We have a tendency to take life for granted. We go through the motions, wake up, go to work. We complain about little things, things we don’t have, things we want. As cliche as it sounds, without your health, you have nothing. A few months ago, I was napping with my ex-boyfriend and he started touching me and he felt a lump on my breast. It was the first time I felt it, I didn’t know what it was. Right away, I made an appointment with my doctor. When I went to see her, she was also not 100% sure so she referred me to a Breast Cancer specialist in NYC. It took me 3 weeks to get this appointment, so it was 3 weeks of wondering if I was OK while also living my life and going through the day-to-day. When you think breast cancer, you think it’s women in their 40s and 50s. I never really thought about it or thought about getting checked or checking myself. It kind of came out of nowhere and it was pretty shocking. I remember being in the waiting room at the breast cancer center and seeing women of all ages just waiting. I wanted to cry.
No matter how healthy you are or what lifestyle you lead, it doesn’t really matter. You can get it. It’s important to take precautionary measures because early detection is important. I went into the doctor’s office, they told me to put a robe on, and I was freaking out but I was ready to find out what was going on with me. The doctor conducted a mammogram and told me that it was a cyst, and I started crying. I was relieved. That being said, I am going back next week to check on it again. You can never be too sure.
I feel very lucky because after I posted that on my Instagram Story and shared my experience, the amount of women who reached out afterwards who’ve either had the same scare or were unfortunately diagnosed with cancer was astounding. So many women. Young women.
When Making Strides Jersey City reached out to us about getting involved, there was no doubt that we would help get the word out as much as we can because knowledge is power and getting checked regularly is important to fight this.
October is Breast Cancer Awareness Month, and Making Strides Against Breast Cancer is hosting their 5k Walk/Run on October 20th.
To prepare for the event and learn more about breast cancer, we’ve worked with Making Strides and the American Cancer Society to bring three articles within the month.
Breast Cancer Risks and Factors
Breast Cancer affects everyone, not just women, and there are several factors that play into breast cancer that you can change while others, you can’t change.
Can change: alcohol intake. The ACS recommends only one drink per day for women and two drinks per day for men.
Can’t change: genetics and family history. Certain breast cancers are caused by a gene mutation passed down from a parent.
Can change: activity and weight. Being active can help lower the risk of breast cancer, along with making healthy lifestyle choices like adopting a healthier diet.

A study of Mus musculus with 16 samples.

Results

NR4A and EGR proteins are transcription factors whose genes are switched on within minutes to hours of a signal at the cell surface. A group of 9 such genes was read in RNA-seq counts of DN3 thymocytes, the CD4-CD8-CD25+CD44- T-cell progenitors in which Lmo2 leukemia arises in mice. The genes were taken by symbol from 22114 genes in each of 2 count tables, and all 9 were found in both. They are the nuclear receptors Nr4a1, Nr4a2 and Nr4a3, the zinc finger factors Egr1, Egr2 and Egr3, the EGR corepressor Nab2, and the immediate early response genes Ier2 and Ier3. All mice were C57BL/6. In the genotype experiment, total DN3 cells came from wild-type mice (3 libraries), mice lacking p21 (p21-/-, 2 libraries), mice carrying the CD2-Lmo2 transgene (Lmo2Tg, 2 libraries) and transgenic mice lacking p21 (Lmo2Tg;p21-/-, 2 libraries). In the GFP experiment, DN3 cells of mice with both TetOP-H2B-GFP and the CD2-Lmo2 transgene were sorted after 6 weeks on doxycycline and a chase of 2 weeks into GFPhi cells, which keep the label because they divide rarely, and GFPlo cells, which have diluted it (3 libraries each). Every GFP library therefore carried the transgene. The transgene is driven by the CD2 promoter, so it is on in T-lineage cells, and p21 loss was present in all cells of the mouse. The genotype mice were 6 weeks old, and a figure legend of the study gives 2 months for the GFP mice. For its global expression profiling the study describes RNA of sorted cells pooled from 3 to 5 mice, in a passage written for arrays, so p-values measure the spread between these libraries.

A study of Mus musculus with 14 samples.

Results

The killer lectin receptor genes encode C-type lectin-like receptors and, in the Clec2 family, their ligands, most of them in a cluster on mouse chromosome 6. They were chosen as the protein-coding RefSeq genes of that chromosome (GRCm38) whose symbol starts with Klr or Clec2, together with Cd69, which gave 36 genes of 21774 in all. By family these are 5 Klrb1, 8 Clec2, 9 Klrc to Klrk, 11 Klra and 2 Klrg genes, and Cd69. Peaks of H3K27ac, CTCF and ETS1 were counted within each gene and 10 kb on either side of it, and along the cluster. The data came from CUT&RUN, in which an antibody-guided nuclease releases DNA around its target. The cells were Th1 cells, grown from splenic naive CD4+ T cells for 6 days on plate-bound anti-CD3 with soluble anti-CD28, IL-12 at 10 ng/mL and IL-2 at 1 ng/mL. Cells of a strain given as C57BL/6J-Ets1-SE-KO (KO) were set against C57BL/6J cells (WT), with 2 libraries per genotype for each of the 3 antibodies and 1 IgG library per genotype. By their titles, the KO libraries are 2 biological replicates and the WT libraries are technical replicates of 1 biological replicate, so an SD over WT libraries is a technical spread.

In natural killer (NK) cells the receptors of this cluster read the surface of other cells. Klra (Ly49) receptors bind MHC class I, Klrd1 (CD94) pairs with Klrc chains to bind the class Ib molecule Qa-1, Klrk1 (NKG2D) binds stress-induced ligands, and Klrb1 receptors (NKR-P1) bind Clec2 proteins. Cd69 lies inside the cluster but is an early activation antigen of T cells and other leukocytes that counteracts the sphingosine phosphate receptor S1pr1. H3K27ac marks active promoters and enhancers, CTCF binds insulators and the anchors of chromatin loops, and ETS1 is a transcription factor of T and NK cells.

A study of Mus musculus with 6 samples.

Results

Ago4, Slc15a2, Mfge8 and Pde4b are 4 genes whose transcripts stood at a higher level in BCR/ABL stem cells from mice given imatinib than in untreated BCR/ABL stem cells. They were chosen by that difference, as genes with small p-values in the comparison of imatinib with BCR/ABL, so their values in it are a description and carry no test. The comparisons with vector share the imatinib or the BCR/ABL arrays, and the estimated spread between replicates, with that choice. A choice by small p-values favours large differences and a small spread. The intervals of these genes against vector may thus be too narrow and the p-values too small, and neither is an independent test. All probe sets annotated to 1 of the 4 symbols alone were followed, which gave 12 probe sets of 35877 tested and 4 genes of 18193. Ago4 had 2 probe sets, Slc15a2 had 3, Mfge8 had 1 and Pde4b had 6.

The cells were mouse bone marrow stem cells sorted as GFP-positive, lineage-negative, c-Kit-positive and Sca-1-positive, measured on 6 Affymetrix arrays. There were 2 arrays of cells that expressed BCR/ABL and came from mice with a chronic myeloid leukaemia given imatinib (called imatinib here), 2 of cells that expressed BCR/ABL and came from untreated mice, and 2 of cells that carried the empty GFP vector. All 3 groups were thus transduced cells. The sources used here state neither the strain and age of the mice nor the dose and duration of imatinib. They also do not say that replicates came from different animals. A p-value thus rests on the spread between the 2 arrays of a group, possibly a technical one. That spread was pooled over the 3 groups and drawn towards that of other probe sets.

Can’t change: your natural body. Women with dense breast tissue have an increased risk of breast cancer, and density is determined by age, genetics, and more. If you menstruated early or if you menstruate past 55, the longer exposure to progesterone and estrogen hormones can increase a woman’s risk of breast cancer.
Facts & Figures
• Breast cancer death rates decreased by 39% between 1989 and 2015, attributed to improvements in early detection – through increased awareness and screening – and treatment.
• In 2018, an estimated 266,120 women and 2,550 men were diagnosed with breast cancer.
Detecting Breast Cancer
The earlier breast cancer is found, the better the chances for successful treatment. Here are some ways you can help detect breast cancer at home or with a medical professional.
If you’d like to have a better idea of what how your breasts usually feel versus how they would feel abnormally, breast self-exams are recommended.
Whether you’re in the shower, lying down, or in front of a mirror, you can check for any unusual lumps.
When standing in front of mirror, you can check for any indentations, swelling, or other physical changes to your nipples and breasts by raising your arms or flexing your chest. While lying down or in the shower, use the pads of your fingers to move in circular motions around the breast to check for lumps, thickening, or hardened knots.
To conduct a self-exam, you can follow the instructions here.
Women are recommended to start screening with a mammogram every year starting in their 40s. Screening for breast cancer should continue as long as you’re in good health and are expected to live at least 10 more years.
Be sure to talk to your healthcare provider about breast cancer screening. It’s better to be safe than sorry!